Saskatoon·Point of View

The myth of more 'free' time during the pandemic — and how pressure to use it productively might hurt

We are told there are two options, writes Daniel Dalman: fight or flight. Fight the problem or run from it with a ton of busy work. But maybe there is a third option, one we’ve chosen and feel bad about picking. Can’t we just freeze? Simply stay still and quiet until this is over?

Dealing with everything coronavirus-related, I don’t seem to have much more free time than usual

Daniel Dalman says he is bombarded with social posts, advertisements and influence from friends and relations, that the excess of 'free' time he has been given during this global pandemic is a gift, and he must not squander it. (Daniel Dalman)

On Monday, they came for me with sourdough starters. 

On Tuesday, with a body weight exercise. 

On Wednesday, it was signing up for a virtual yoga class. 

And on and on as the days turned into weeks and weeks into months, with jigsaw puzzles and tie-dye clothes — physical, creative and ambitious pursuits through every scroll. 

Throughout the waking hours, I am bombarded with social posts, advertisements and influence from friends and relations, that the time is nigh, that this is an opportunity I must seize, that the excess of "free" time I have been given during this global pandemic is a gift, and I must not squander it. 

They double down, saying that if we have ever complained about the lack of time for doing what we wanted and we're not getting it done now, then we must not have wanted to do it all that much in the first place. If you can't, in this time of crisis, manage to get fit, write a bestseller or completely overhaul the organization of your home, well, then, what exactly are you doing with yourself?   

A widely shared post on social media spreading the message that those not harnessing their time during the pandemic adequately had only themselves to blame has since found competition with this 'edited' version. (Instagram)

But here is the thing: between working from home and anxiously trying to keep tabs on people and the worldwide situation, I don't seem to have any more free time than usual. 

Everyday tasks have begun to expand rather than contract. Things like grocery shopping, which I neglected to acquire any real skill in completing before, has now become a primary skill — and I am floundering. How am I supposed to gather the supplies for crafting and new recipe building when all I can seem to manage to do is panic-buy 10 over-ripe avocados before sprinting to my car in a mist of sanitizer spray?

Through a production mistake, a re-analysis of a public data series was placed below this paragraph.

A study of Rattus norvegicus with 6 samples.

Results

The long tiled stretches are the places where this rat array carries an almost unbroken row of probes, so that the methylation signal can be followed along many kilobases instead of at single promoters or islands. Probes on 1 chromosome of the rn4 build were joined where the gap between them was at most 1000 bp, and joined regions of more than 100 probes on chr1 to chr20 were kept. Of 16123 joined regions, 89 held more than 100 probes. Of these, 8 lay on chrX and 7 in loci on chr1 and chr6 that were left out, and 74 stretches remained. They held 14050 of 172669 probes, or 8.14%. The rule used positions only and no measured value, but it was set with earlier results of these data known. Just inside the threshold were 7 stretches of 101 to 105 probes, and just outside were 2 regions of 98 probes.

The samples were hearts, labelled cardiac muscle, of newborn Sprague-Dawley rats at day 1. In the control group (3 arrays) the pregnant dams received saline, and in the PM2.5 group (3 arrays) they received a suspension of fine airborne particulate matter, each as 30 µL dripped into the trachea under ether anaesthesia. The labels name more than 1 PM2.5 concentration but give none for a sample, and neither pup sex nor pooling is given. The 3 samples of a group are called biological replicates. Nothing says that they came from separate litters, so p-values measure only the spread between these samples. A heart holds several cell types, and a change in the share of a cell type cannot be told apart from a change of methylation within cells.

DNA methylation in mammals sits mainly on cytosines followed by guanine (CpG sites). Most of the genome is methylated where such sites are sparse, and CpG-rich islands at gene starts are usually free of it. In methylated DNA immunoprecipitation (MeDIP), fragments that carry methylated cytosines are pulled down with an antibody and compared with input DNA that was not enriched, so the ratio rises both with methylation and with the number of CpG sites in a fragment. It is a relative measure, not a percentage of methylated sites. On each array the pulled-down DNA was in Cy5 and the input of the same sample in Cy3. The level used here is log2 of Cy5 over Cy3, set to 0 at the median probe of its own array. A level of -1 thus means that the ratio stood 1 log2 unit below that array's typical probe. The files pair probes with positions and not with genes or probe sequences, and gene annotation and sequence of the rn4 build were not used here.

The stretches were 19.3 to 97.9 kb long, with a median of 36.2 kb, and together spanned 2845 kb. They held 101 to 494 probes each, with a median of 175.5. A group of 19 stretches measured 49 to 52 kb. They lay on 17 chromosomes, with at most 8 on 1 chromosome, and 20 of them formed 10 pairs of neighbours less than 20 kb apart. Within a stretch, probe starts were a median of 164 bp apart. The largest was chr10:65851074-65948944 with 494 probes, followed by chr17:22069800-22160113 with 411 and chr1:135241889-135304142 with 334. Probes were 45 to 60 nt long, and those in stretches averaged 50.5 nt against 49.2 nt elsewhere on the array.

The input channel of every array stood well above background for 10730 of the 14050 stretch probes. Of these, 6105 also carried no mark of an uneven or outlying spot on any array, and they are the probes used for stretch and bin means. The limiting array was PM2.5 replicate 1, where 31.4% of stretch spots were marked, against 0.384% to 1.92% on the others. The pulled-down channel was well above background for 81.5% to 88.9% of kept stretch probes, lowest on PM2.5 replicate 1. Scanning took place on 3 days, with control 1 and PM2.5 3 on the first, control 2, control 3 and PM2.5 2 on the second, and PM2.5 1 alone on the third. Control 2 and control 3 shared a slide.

Sure, I have less to do on a weekend day, but now the days bleed together and it feels like I'm spending more time doing less. Before I can even consider what hobby to attempt, it's Monday.

Where are the sourdough people getting their time from? From whom are they borrowing? Do they not obsessively refresh news websites and read think-pieces on the state of the world? Are they experts at multitasking? Have they finished all 11 seasons of Murder, She Wrote

I try to be as productive as them, but the puzzle I've started remains hilariously unsolved.  I've started to pull together my home life since I don't have the escape of going to the office anymore, but that seems like a very basic step. I treat little things like vacuuming and taking out the garbage as small victories. 

Puzzle-mania has swept many of those feeling cooped up at home during the coronavirus pandemic. (Daniel Dalman)

For some, it might feel better to be as productive as possible, to stay busy. But for others, it may not be possible. 

We are told there are two options: fight or flight. Fight the problem or run from it with a ton of busy work. But maybe there is a third option, one we've chosen and feel bad about picking. Can't we just freeze?  Simply stay still and quiet until this is over?

In the early days of isolation, I read about all the tips and tricks to get you through it as unscathed as possible. It was about setting up a routine that closely resembled your regular life: get up at the same time every day and wear your work clothes even to your home office; do all the things you would have regularly done minus some major events. 

However, as things have progressed, I hope that we have learned that there is more than one way to cope with things, and no one way of coping is more right than others. So, if it feels good to bake into oblivion, that is fine. But if you're like me and if it feels right to do as little as possible to simply get by, that is OK too. We just have less to post online about.

This column is part of CBC's Opinion section. For more information about this section, please read this editor's blog and our FAQ.